Estimating things, can't live with it, can't live without it.
I waded into an interesting LinkedIn discussion (in Finnish) about story points and estimating things and that got me thinking about estimates again. I have so much sympathy for the #NoEstimates movement but it just seems way too radical to stop estimating things completely. As one person in the LinkedIn thread put it: "Would anyone start a renovation if they didn't have any sort of estimate of the costs?".
The counterargument is that "any sort" is the only kind of estimation you can have. Imagine that while doing the straightforward renovation you find out that some pipe has a leak and now you have to replace a bunch of waterworks and start drying up some structures. All previous budgets and timetables go right out the window.
Would that be a horrible surprise? Yes!
Should you still be thankful that you found out about the pipe and got a chance to fix it? Also yes?
Consider next a software project where the possibility of finding leaking pipes or black swans hidden below the floorboards is much higher. There might be some technical debt that trips up everything. Someone just made some wrong assumptions about how complex things would be. Hofstadter's law was ignored (or wasn't, doesn't really matter).
If estimates have been presented or taken as promises, they will do much more harm than good. First, you spend time crafting estimates, then you anger the customer because the estimates were wrong.
But are there any alternatives? In most situations going full #NoEstimates is a pipe dream. People are afraid that if they don't have estimates, the cost of the project can be anything at all. Million euros! Two million! No-one knows.
The thing many people might not realise is that software projects can have much stricter and more tightly controlled budgets than any renovation. If you are flexible about scope, you can lock down the cost corner of the iron triangle extremely tightly. If your budget for a customer support ticketing system is 150 euros, you can do it. You probably get a Google Form that sends responses to your email address, but still. If instead, your budget is 150 000 euros you can have quite a lot of more features.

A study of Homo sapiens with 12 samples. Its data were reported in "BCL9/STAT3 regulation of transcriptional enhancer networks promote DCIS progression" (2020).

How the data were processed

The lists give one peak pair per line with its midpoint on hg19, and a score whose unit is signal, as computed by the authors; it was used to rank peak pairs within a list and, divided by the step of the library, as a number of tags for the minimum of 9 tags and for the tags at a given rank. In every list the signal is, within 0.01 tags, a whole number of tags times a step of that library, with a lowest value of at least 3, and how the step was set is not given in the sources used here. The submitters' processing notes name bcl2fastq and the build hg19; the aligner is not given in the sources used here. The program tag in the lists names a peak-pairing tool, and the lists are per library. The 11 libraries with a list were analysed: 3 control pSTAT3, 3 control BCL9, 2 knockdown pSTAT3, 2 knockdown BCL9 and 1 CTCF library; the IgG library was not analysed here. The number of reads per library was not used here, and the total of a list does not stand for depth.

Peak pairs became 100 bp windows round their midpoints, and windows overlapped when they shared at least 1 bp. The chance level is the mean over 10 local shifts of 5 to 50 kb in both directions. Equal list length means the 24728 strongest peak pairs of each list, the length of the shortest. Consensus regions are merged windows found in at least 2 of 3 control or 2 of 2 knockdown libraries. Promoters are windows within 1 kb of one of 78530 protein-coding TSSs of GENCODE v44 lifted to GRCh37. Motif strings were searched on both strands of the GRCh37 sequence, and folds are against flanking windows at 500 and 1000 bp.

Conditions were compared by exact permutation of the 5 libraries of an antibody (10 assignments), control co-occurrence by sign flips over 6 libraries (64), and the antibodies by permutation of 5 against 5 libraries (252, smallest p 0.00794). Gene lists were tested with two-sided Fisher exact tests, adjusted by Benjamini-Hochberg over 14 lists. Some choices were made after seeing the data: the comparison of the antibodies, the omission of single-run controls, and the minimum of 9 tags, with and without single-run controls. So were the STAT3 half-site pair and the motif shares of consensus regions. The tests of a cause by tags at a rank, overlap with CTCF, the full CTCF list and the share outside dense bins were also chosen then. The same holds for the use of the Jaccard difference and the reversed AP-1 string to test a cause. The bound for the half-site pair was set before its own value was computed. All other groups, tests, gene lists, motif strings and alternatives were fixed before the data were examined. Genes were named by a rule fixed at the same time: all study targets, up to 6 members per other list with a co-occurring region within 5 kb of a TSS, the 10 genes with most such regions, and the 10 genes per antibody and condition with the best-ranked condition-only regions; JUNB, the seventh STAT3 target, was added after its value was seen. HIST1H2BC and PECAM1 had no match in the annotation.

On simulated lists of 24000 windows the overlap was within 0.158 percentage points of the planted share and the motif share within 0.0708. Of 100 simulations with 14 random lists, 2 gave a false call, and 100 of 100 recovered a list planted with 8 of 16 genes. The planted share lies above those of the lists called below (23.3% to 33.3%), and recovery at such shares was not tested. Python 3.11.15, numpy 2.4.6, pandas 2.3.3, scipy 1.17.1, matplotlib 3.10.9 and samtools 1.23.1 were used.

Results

The point is that if budget really is the most important thing for you, you can decide the budget.
But as there are a lot of ticketing services already available on the market, how do you know if building a new one would make sense? If you can't estimate the cost of building a set of features, how can you calculate the ROI? If you can't use a single euro to experiment and try to build something for real and see if continuing makes sense, can you just... estimate if your idea makes sense or not?
The answer is obviously yes.
You can estimate things for example in Excel and honestly, you will usually be sort of correct most of the time. Often the estimates given by professionals are pretty close to the mark and the things you have meticulously planned and designed are pretty clever.
You can't estimate anything in any meaningful way. Coding can spin hugely over budget fast. The resulting features can be crap that no customer will want to touch. You fundamentally can't know for certain before you have something that works and can be used by someone for real.
And yet, estimating things might still have value. Doing estimates is part of thinking about how the thing should be built. So you could argue that work spent on estimation is not wasted, it's just invested into building the thing already. Estimation is also a great way to have conversations and find out if everyone understood the feature to be built the same way. Once you have estimated a thing, you can use the estimates to track the velocity of the team and have one more way to notice if there's something wrong.
For example, if the team's velocity suddenly drops, maybe it's because the new product owner is pushing really hard for low estimates but the features still take as long to code as they did before. You don't necessarily need estimates to notice that kind of situation, but at least they would give you one more way to approach the following discussion.
The cost of estimation might still be too damn high.
The dysfunctions and twisted incentives and opportunities for disappointments they create are many. Also, my soul dies a bit every time I'm asked for an estimate for a thing that would take maybe two hours to do and when during the next two weeks maybe three hours of work are spent by experts and managers in multiple different organisations on estimating the thing, communicating the estimation and deciding if the estimate is low enough so that the two hours of work can be done.
The more I write about estimates, the less I'm excited about them. Sadly, going full #NoEstimates would just require such huge transparency and trust in the process and the people involved that it's not a realistic suggestion in many cases. Especially as the places that suffer most from the negative side effects of estimation are probably the ones that have the least amount of trust to begin with. Would the gains be enough to justify changing everything and fighting through the inertia and resistance from your team, customers, management, and your own habits?
The mere idea sort of feels exhausting. And still...
There have to be better ways to do things. The problem is getting to use them in the real world. I'll start by watching this video of a talk by Vasco Duarte and maybe that will give me some ideas. See you at the next one.